The Idaho Supreme Court has upheld the dismissal of a lawsuit filed by a professor who claims he was wrongfully terminated.
The justices issued a ruling Nov. 30 in the case of Habib Sadid, who claims he was fired from Idaho State University for publicly voicing his discontent with administration policies. Sadid sued the university in state court in 2008 while he was still employed at the school, but the case was dismissed.
Officials at the Pocatello university lauded the decision of the high court to affirm the dismissal of the case, which rejected claims Sadid was the victim of retaliation.
“We’re pleased with both the decisions of the Idaho Supreme Court and the district court,” Kent Tingey, vice president for university advancement, told the Idaho State Journal. Faculty leaders at the southeastern Idaho school were pleased with the decision from the Supreme Court, which found that Sadid was not the victim of retaliation and that his employment with the public university did not strip him of his right to free speech as an individual.
Sadid was suspended from the university in August 2009 and terminated a month later for what administrators called unprofessional and insubordinate conduct. But Sadid said his history of speaking out about campus problems led to his termination.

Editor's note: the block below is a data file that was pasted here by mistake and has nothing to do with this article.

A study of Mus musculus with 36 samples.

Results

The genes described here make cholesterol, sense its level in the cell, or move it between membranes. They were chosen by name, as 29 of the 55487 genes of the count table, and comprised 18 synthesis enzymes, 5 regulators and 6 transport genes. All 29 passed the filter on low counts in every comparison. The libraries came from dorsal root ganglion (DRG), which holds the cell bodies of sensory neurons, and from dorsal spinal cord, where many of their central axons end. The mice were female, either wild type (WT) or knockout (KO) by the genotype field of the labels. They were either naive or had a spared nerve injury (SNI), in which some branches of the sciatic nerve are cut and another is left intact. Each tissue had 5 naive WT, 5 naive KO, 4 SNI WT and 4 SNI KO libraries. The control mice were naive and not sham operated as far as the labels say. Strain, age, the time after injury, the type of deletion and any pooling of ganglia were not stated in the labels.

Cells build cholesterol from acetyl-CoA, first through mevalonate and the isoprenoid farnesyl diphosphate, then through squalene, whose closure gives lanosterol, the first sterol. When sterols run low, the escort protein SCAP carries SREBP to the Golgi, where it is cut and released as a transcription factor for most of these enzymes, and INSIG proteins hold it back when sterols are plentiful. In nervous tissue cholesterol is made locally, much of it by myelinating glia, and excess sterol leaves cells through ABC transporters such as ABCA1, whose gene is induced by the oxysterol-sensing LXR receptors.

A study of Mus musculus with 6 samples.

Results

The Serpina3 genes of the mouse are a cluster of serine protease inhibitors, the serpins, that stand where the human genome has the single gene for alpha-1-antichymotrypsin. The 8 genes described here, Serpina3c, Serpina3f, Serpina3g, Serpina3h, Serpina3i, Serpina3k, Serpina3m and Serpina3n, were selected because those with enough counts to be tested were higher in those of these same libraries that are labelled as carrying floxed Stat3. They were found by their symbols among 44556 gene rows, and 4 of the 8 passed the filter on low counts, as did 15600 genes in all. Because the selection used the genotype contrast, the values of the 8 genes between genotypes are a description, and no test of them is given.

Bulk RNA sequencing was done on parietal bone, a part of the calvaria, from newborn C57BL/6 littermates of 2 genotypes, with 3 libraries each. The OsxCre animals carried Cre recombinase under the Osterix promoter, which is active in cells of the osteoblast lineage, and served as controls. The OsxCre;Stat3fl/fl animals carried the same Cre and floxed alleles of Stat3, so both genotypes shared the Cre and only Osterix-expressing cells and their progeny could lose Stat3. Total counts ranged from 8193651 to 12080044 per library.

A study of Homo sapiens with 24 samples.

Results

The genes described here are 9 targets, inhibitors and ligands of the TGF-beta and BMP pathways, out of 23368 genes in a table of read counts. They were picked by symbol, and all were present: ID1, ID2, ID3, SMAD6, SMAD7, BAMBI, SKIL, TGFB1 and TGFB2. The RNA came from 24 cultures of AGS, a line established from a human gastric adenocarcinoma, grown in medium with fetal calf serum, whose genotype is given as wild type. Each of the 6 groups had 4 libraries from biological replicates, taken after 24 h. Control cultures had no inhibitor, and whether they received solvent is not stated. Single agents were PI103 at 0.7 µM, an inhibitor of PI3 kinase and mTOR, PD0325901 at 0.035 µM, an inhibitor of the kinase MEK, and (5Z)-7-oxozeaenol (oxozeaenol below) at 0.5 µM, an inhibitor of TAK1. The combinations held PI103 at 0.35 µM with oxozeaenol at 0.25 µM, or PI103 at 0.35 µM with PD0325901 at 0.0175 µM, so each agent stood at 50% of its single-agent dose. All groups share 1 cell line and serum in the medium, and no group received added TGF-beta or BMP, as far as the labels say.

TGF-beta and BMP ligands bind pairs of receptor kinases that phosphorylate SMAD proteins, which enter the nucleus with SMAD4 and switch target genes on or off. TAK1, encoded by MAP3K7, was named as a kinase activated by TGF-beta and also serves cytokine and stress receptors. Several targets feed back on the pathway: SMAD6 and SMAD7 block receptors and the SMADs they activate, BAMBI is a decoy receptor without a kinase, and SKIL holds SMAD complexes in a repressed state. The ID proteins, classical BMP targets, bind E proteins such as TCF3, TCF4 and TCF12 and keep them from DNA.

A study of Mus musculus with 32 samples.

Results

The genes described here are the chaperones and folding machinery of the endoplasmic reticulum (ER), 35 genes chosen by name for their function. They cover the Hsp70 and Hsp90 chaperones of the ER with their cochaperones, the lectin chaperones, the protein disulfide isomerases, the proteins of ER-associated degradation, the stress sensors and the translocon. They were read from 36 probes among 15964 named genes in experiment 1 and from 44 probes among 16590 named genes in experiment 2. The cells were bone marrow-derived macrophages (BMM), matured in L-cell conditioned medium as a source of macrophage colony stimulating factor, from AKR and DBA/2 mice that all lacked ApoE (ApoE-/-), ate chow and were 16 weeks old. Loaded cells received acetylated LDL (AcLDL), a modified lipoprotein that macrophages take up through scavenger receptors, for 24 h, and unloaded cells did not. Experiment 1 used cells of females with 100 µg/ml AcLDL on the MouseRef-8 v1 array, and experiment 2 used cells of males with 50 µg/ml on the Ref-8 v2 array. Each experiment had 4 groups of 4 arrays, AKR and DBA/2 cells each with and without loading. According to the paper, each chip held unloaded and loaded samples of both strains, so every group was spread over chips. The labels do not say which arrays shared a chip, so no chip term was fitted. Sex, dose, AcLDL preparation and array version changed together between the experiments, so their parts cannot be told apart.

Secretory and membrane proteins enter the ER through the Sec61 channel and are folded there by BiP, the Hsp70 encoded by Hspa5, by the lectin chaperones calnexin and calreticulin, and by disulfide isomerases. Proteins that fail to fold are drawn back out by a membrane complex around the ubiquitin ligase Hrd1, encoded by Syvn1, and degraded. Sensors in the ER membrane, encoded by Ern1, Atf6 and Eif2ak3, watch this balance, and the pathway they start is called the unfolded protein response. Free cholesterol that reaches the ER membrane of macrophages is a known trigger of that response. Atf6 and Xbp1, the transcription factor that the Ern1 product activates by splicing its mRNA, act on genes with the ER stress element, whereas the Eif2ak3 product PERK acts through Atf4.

His legal battle over his termination has gained financial support from groups including the American Association of University Professors, the American Federation of Teachers and the Foundation for Individual Rights in Education.
The high court found Sadid’s claims that he was punished for voicing his concerns were without merit. But justices found the lower court made a mistake when ruling Sadid’s comments weren’t protected by the First Amendment because of his employment with the university.
“We view it as a massive win,” said biology professor David Delehanty, who holds a faculty leadership post at the university and is a member of the American Federation of Teachers. “The interest of all these organizations is free speech.”
While the lower court found that complaints from Sadid published in a Pocatello newspaper did not involve issues of public concern, the Idaho Supreme Court found that the professor’s critique of plans to create a medical school at the university did constitute a matter of public concern.
“The Supreme Court distinguished between making statements pursuant to one’s official duties and making statements pursuant to one’s right as a citizen,” said Justice Daniel Eismann in the written ruling from the court.
Sadid has other state and federal lawsuits pending over his dismissal.